Eating Dirt Cheap
County health educator follows ‘food stamp diet’ for a month, documents it on Facebook.
Thursday, January 20, 2011
Examining radishes in Del Monte Produce, a small grocery store next to the Highway 1 overpass on Del Monte Boulevard, Kathleen Nolan is delighted by their freshness. “You should only buy radishes with greens still attached,” she says, adding two bunches to her colorful basket of lettuce, Fair Trade bananas and kale.
Nolan eats a salad a day, even on a tightened budget that imitates CalFresh (formerly known as Food Stamps, and federally called Supplemental Nutrition Assistance Program, or SNAP). Nolan, a Salinas-based nutrition education program manager for UC Davis Cooperative Extension, is living on a CalFresh budget for the month and using her experience as an educational tool, posting recipes and nutritional analysis on a Facebook page, SNAP-EE Monterey County.
Unconvinced that staples are limited to greasy fast food or beans and rice, Nolan set out to prove that eating well on a very constrained budget was doable.
Based on USDA nutritional guidelines and her CalFresh budget, Nolan calculates that she can spend up to 33 cents per serving of fruit or vegetables. Within that, she has been eating plenty of fresh produce. “It’s not punitive. I’m not living on bread and water,” she says.
The amount of assistance received via SNAP varies based on expenses, income and employment status. The maximum benefit an individual can receive is $200 per month. Leslie Sunny, Executive Director of Food Bank for Monterey County, says “most families run out of money before the month ends.”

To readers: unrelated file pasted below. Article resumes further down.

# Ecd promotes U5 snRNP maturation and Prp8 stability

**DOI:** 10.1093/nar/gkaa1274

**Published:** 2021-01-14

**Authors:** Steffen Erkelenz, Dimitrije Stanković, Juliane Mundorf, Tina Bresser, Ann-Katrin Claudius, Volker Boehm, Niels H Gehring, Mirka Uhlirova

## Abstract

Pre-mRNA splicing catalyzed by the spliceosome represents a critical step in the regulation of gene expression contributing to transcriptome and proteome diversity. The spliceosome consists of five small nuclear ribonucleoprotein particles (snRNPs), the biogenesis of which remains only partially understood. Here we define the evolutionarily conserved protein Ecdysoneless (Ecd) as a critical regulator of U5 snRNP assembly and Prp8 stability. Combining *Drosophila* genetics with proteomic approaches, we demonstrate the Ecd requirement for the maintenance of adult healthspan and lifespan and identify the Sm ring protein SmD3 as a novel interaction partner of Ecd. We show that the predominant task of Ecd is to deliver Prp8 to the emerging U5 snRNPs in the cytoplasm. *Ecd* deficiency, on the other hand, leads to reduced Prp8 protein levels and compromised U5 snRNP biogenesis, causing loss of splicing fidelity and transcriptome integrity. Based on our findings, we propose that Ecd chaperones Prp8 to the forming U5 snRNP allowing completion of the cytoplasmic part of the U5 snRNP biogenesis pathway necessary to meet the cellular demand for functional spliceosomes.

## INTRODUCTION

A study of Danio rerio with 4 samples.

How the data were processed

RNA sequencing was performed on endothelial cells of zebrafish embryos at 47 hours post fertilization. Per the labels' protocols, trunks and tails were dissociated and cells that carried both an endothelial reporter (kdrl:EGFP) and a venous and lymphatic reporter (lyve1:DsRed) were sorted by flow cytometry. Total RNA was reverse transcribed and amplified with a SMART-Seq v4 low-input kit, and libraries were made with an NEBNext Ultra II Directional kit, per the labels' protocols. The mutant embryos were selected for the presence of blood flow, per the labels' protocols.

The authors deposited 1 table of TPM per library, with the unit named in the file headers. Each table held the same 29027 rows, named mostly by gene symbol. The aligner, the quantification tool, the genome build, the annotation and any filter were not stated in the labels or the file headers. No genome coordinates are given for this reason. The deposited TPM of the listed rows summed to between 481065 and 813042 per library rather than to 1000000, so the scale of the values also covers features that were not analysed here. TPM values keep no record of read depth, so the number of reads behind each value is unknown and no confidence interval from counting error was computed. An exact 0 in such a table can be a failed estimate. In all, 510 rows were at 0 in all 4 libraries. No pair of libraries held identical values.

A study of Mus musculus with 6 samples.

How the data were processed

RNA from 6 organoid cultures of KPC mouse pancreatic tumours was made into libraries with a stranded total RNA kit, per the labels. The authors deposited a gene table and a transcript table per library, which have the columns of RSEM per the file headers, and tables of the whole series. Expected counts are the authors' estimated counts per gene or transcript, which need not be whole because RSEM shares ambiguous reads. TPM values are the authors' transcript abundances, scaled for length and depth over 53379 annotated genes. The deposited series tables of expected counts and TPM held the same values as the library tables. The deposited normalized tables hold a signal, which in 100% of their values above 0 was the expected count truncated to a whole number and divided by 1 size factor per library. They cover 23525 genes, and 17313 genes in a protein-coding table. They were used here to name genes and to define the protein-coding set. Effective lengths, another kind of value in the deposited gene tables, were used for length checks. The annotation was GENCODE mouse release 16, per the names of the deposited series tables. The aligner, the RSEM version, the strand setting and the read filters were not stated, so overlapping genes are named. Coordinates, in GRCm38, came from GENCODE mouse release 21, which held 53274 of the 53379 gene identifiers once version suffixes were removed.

Nolan has given up only Diet Coke and chocolate because, she says, they are too expensive.
But nationally recognized nutrition expert Marion Nestle, Professor of Nutrition, Food Studies, and Public Health at New York University, says there are many “big ifs” of eating nutritiously on SNAP: “It’s possible to manage if and only if you don’t eat out, don’t eat prepared food, keep junk food to a minimum, buy in bulk, cook, and have easy access to decent grocery stores and loads of time to deal with all that.”
Currently more than 15,000 households in Monterey County receive CalFresh benefits, and Nolan reached about 8,000 people through direct outreach last year. She says cultural obstacles pose the greatest nutritional challenge: “If the husband doesn’t like it, it’s not going to happen,” in reference to the women she helps who cook for their households. Nolan cooks only for herself. CalFresh also cannot support large portions of meat, says Nolan, who cooks mostly vegetarian.
But cutting back on meat is healthier, she adds. Nestle notes traditional Asian meals that “use meat as a condiment. A little goes a long way.”
Nolan also encourages increased participation in CalFresh. Statewide, USDA data for 2007, the most recent year for which such data is available, shows only 48 percent of those eligible for CalFresh use the benefits, ranking California 49th in the nation for SNAP participation. California Food Policy Advocates, an Oakland-based advocacy organization, calculates a $4.9 billion annual loss in federal benefits annually due to the low participation rate, with $50 million of that in Monterey County.
Those benefits could be used in more than 600 stores countywide, which correlates to a nearly $90 million increase in economic activity, according to CFPA.